Olympic gag gets no laughs

There has been a lot of concern about free speech during the Beijing Olympics. Would foreign journalists enjoy the full reporting freedoms they were promised? Doubtful. And domestic journalists?  Unlikely.  Would protests by Chinese dissidents be allowed to go ahead? Fat chance. But the idea that the British Olympics Association would gag its own athletes has caused outrage this weekend after the Mail on Sunday splashed on the story, following a tip-off from the press office of a well-known human rights organisation.

Politicians were quick to condemn the decision, with David Mellor working himself up into a righteous fury on the pages of the MoS and Tory and Lib Dems swiftly following suit. The blogosphere has of course pounced on it too Ive linked to a few examples here, here and here.

And then the BOA capitulated and stated that it would review the contracts that it was asking athletes to sign, conceding that the existing contract went too far and that contracts would be changed to ensure that athletes rights to free speech werent curtailed. To some extent one of our quickest campaigning successes! Though I suspect well need to keep an eye on the BOA to ensure that they do what theyve promised.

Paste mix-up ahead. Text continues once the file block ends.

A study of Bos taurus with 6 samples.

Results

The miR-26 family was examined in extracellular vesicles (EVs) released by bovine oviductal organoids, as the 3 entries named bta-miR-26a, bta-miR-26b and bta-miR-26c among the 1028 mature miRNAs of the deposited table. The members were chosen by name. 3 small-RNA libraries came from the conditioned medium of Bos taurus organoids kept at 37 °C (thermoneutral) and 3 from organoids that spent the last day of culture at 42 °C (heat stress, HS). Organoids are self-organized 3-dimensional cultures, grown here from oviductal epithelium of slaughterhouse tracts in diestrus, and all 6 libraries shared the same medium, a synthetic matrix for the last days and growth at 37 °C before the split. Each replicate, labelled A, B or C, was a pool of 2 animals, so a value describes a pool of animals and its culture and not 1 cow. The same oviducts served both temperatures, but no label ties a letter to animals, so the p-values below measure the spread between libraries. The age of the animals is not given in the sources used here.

Amnesty members are now writing to the BOA, urging the organisation to use its influence with the International Olympic Committee and get them to put more pressure on China to improve human rights in the run-up to the Beijing Games. China made promises to the IOC that it hasnt kept. Were still demanding urgent reforms in four key areas: free speech, persecution of human rights activists, fair trials and the death penalty.

As for the athletes themselves, I imagine that theyll make up their own minds. Some wont want to get involved with this issue, in which case fair play to them, leave them to it. But for those who do take a look at Chinas human rights record and decide that they have to say something, who on earth are the BOA to stop them?